Join Date: Aug 2016
Location: Central Kentucky
Mentioned: 4 Post(s)
The theater is now just a very small part of your problems. Does anyone in the home have any respiratory issues or sensitivities? Mold and mildew are the most pressing issue at this point.
Before buying industrial drying equipment, check with local rental houses. You can rent much larger equipment for a week or more for less than you can buy it for, and hopefully you won't need it again. I would act quickly, if flooding is widespread in your area, there will be many calls for rental equipment.
Once you get the water removed, take out any furniture, cabinets, etc that have had water on them. If they are made of MDF go ahead and dispose of them, it's a great building material, but absolutely will not tolerate water. Anything that can possibly be dried and saved, set them somewhere to dry. The GOM fabric is synthetic, I think made from recycled soda bottles. Once you can work in the area, find the high water mark and chalk line a horizontal line about 12-18 inches higher than that mark all around the room. use a utility knife and straight edge if you like and score a horizontal line all around the room. This will make repairs easier if repairs are even possible. Start tearing the drywall off from the floor level up to the score line all the way to the studs. If you have fiberglass insulation especially fiberglass with paper backing, rip it out up to the score line. If it's rockwool, you might be able to salvage it, rockwool is much more tolerant of water than fiberglass or cellulose. Go ahead and pitch the carpet and pad if it has one. Most carpet is synthetic, but they do use organic materials like jute in the backing, carpet pad will just act like a big sponge and probably never dry out.
At this point start with the fans and dehumidifiers for several days or maybe even weeks. While the area is drying start looking into why and where the storm water backed into your basement to start with. There are backflow preventers on the market that act like a check valve to prevent this. It probably won't be cheap to get one installed if your slab has to be cut into to install it, but it will be much cheaper than doing this clean up again. It's also a good time to check drainage around your house and see if you can do anything there to help prevent another occurrence like extending gutter downspouts, grading, or additional drainage systems.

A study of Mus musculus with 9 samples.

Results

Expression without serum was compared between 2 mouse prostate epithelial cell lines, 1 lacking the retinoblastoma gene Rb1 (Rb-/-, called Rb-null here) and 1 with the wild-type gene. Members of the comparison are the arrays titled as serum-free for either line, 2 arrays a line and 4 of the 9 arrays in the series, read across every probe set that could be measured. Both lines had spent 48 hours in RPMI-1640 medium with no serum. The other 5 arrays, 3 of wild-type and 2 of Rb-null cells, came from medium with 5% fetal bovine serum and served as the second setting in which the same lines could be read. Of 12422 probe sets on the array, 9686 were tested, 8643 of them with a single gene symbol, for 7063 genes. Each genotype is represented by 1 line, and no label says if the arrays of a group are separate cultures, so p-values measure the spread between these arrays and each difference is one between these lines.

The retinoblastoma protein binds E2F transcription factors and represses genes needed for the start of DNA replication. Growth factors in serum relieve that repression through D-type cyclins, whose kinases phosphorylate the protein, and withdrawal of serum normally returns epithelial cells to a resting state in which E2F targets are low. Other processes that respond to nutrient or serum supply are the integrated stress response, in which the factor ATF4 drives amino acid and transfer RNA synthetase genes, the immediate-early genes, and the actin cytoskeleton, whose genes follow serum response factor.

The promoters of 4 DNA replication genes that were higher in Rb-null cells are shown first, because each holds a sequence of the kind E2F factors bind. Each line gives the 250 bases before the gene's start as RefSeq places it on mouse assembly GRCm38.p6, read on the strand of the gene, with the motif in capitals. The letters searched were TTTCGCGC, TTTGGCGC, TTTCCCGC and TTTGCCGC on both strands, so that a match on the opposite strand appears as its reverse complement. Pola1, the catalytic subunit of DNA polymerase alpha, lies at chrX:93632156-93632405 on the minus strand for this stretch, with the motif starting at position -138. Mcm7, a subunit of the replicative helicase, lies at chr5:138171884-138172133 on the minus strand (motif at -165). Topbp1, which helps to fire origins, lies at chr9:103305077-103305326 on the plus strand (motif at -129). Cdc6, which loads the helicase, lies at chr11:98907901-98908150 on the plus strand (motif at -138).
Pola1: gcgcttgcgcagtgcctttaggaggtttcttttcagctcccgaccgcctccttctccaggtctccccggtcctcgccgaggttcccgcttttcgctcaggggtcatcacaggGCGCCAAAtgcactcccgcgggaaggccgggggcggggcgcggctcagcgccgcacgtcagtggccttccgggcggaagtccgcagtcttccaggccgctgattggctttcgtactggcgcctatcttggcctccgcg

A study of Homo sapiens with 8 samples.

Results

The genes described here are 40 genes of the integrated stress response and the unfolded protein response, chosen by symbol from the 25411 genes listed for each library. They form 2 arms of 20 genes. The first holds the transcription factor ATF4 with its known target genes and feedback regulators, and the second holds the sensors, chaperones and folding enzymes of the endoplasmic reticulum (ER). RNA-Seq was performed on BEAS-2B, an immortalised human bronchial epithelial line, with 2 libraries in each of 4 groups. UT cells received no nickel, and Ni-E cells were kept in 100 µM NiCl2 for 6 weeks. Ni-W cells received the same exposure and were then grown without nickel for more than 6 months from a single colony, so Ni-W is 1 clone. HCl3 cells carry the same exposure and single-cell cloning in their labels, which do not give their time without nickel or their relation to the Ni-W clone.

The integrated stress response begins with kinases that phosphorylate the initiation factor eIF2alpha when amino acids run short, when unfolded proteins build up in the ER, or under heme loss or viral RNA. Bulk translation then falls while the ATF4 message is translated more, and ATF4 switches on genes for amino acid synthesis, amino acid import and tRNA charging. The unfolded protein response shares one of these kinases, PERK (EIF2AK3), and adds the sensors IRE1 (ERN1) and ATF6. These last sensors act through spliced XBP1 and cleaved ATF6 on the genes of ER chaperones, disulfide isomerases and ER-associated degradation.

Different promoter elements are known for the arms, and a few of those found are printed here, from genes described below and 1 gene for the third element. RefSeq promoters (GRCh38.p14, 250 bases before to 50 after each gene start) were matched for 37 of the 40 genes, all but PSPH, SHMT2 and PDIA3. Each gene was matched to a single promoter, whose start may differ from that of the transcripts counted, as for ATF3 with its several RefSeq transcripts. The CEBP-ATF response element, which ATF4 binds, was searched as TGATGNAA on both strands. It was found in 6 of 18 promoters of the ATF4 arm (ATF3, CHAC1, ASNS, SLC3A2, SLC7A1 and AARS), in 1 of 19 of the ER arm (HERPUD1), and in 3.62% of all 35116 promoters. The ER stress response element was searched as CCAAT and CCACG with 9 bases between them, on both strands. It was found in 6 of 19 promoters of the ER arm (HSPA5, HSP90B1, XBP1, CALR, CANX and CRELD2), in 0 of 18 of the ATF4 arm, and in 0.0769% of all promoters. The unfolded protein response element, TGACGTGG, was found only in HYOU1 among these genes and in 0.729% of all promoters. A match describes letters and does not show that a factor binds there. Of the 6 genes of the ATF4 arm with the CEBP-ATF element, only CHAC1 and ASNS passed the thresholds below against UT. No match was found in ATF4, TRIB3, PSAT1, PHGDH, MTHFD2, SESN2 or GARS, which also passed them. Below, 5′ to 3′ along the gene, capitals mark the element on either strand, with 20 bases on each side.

The biggest mistake most people make is trying to rebuild too soon. You will need a moisture meter and accurate humidity meter. Inspect the open wall sections very carefully. If it's metal studs, wonderful. If they are wood, any wood that touches concrete or masonry should be treated lumber. Mind you that this open area is just a starting point, if you see signs of mold or dampness you are going to have to keep going higher, maybe all the way to the ceiling. The last thing you want to do is enclose actively growing mold. You should run the fans and dehumidifier(s) until the following: dimensional lumber has about 20% moisture content from the lumber yard so that's an acceptable level for lumber, drywall should be very close to 0%, maybe 5% is OK, hardwoods should be <10%, Overall room humidity should be at or less than 55%. The recipe for mold is darkness, low or no air movement, humidity >55%, and an organic food source. Some of the newer drywall has a paperless finish, but most use paper. Take moisture and humidity measurements at a minimum of once a day and document them for a report you make for yourself for purposes I'll explain later.
If you are able to get it dried properly, a final cleaning and disinfecting with some kind of bleach will be the next step. The oxygenated bleaches are supposedly best on molds. Give the moisture you introduced during cleaning a few days to dry out.
I don't know anything about real estate laws in your state/area, but if you ever sell the property you will likely have to disclose the flooding. Make plenty of pics and document all mitigation steps taken including moisture and humidity levels before and after. If you do this DIY, it might be a good idea to have a pro come out and give an opinion on if it's completely mitigated before rebuilding. Make sure and keep a copy of their report for reasons I listed above. Another good idea would be run an test for molds. You can buy the kits at most of the big box stores and you have to send it to a lab for results, you end up paying twice, don't be fooled by the original sales price. If the report comes back with a high level of molds, you need to keep tearing away at the walls to find the source. If you do ever sell, you will want to show documented evidence that you properly mitigated the damage and took steps to prevent it happening again.
I wish you the best, I know how you feel.